Ken Hampian, the former city manager of San Luis Obispo, is beat. It’s not the 167 miles he’s just driven from a small city in Los Angeles County. Nor is it necessarily the grueling 15-hour days he’s been voluntarily working for the past month — although such a regimen would be enough to physically drain anyone half his age.
No, as Hampian sits down and talks about his stint as a pinch-hitting city manager for the scandal-ridden city of Bell, he’s mentally exhausted.
As he talks of his role in helping start a process of cleaning up a municipal mess that may take years to unravel and set straight (including finding a longer-term interim city manager), his eyes tear up. His empathy for the 35,477 residents of Bell — who had been treated like wayward children and financially fleeced by Bell’s former City Manager Robert Rizzo — is palpable.
Toward that end, he explains, “My best experience during the past month has been getting to know the residents and employees of Bell. Every time you see a headline (about the city or scandal), they get a pie in the face. They’re warm people. How many communities would be appreciative of a bunch of bureaucrats showing up?”
It’s a good question. Answer? Probably not many, if today’s negative attitude toward the public sector is any indication.
But Hampian decided enough was enough when it came to the tarring that Rizzo had brought to Bell and to his profession.
Not surprisingly, Hampian had been asked on a fairly regular basis to sit in as an interim city manager — or consultant — for various cities around the state since he retired last January. He hadn’t bitten.
“But I couldn’t resist Bell,” he said. “It was so desperately in need, so abused by someone who called himself a city manager, that I tapped into my early idealism and decided it was an opportunity to give back.”
That meant working for free — with the exception of Bell picking up the costs of his $58-a-night motel, cell phone, mileage and meal costs.
The Associated Press and Los Angeles Times have carried stories of Hampian working pro bono for Bell. The understated inference is one of incredulity. Something along the lines of: You mean a public servant would actually work for free? Why (sputter, dribble), the earth’s polarity must be reversing next!
It appears Hampian may have set the bar for idealism and giving back. Take Al Venegas, deputy chief of police for Santa Monica. He walked in and said to Hampian: “Ken, I’m here for two weeks. What do you want me to do?”
Venegas, Hampian said, “is a great guy with no ego. He worked with little more than a card table as a desk, staying late, showing up early and taking his vacation to do so.”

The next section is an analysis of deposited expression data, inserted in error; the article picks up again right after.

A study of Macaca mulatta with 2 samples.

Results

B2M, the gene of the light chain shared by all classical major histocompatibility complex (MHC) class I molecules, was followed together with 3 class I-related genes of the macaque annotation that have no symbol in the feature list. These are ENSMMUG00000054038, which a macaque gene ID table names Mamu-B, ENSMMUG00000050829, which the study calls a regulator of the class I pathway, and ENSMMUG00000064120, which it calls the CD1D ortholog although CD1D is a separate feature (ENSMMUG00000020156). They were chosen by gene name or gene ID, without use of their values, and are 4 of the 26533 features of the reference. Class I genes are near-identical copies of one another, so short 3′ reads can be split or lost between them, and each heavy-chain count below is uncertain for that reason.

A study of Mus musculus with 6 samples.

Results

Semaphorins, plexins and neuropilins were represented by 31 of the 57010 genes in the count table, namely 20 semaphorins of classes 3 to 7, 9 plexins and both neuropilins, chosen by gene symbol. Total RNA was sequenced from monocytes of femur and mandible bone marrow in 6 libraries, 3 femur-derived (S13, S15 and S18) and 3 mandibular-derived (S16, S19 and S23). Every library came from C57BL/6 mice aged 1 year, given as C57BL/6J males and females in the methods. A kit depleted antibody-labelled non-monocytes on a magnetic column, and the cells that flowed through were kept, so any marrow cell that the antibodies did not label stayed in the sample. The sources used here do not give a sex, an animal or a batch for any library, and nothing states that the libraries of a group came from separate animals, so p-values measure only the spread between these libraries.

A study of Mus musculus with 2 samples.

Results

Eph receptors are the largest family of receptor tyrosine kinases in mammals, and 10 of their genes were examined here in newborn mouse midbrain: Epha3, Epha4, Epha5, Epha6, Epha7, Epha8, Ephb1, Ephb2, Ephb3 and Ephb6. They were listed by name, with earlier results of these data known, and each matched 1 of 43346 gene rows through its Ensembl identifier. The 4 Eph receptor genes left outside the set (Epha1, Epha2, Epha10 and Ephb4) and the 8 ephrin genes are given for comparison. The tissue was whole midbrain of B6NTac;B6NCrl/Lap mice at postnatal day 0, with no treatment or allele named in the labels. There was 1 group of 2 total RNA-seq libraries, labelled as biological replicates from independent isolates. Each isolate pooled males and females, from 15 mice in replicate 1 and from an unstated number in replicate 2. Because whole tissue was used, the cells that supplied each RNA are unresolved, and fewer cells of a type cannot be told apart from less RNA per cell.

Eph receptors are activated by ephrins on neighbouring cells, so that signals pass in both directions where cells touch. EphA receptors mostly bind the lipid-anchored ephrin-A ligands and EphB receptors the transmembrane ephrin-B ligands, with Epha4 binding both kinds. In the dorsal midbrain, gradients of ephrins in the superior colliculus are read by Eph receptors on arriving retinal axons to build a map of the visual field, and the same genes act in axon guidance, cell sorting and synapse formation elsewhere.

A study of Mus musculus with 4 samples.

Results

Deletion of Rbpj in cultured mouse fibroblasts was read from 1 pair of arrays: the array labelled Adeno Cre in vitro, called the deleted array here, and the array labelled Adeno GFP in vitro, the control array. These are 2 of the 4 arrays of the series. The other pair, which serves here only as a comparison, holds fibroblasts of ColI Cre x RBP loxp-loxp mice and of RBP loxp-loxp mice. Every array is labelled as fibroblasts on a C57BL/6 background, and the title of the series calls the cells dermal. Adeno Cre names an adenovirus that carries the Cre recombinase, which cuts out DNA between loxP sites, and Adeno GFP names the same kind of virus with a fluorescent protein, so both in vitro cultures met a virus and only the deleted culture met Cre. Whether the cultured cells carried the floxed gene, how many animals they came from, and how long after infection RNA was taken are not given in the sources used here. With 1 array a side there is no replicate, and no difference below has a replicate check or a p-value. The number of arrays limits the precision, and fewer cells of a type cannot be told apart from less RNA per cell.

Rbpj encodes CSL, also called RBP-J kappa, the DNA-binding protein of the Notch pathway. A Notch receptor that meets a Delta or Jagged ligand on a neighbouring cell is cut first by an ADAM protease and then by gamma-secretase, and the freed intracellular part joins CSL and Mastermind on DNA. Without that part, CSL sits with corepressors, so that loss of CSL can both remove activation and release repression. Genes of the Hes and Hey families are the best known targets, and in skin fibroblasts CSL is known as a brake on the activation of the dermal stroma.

As it turned out, dozens of public servants volunteered their time to try to make sense of what Rizzo had done during the 17 years he treated Bell as his private fiefdom.
A short, rotund man, Rizzo pulled down more than $1 million a year in salary and compensation, approved by a virtually hand-picked City Council that took home six-figure salaries as a reward.
When not raising nine thoroughbred horses on his Washington ranch, Rizzo was indebting the city to the tune of millions of dollars in bonds, partially paid for by exorbitant utility taxes, sales taxes and the second highest property taxes in L.A. County. He and seven other city officials are currently facing a slew of charges.
When Hampian showed up, he found Bell’s city government to be close to zero.
“People would come to me with problems,” he explained, “and I’d ask for a policy. And there wasn’t one. Human resources, purchasing, recreation field use (‘How do you set fees?’), employment policies — (Rizzo) was making it up as he went along. Employees were trained to take everything to the city manager. There were no department heads, no policies.”
When Hampian asked city staff for records, he was shown a room filled with haphazardly strewn boxes; Rizzo wouldn’t even allow the purchase of shelves in which to catalog the city’s business.
Although Rizzo and his cohorts’ pay may have been the catalyst that touched off subsequent investigations and indictments, Hampian sees Bell’s problems through a more complicated prism.
“An extreme amount of pay can be fixed overnight,” he said. “Fixing the other problems will take far longer, maybe years, and cost much more — if they can be fixed.
“For example, the internal destruction of effective hierarchy; grant violations that need to be paid back; expired contracts that will need to be rebid and fixed; borderline contracts that are still in place; the destruction of normal organizational policies and procedures to guide decisions; poor office conditions and technology; the abuse of people and power both internally and externally; the ill-conceived property acquisitions; the bond burdens; the betrayal of public trust that has led to an unhealthy level of distrust in the community; and the lack of respect and shame that the Bell community and employees must endure.”
“It’s going to take years to fix the many problems Rizzo created.”
That said, Hampian has hope for Bell. He believes the integrity of the new City Council — although untried as elected officials — is a good first step and the new mayor, Ali Saleh, is intelligent and committed to good governance. And it’s certainly a plus that the city has hired Arne Croce, former city manager of San Mateo — who, Hampian said, is “one of the most respected city managers in California.” Croce will fill in on an interim capacity until a permanent city manager is hired.
“Serving in Bell was not like a job or, heaven help me, a consulting gig,” Hampian said. “It was just so wrong and sad. When the dust settles, I hope to make more sense of it all.”
Bill Morem can be reached at firstname.lastname@example.org or at 781-7852.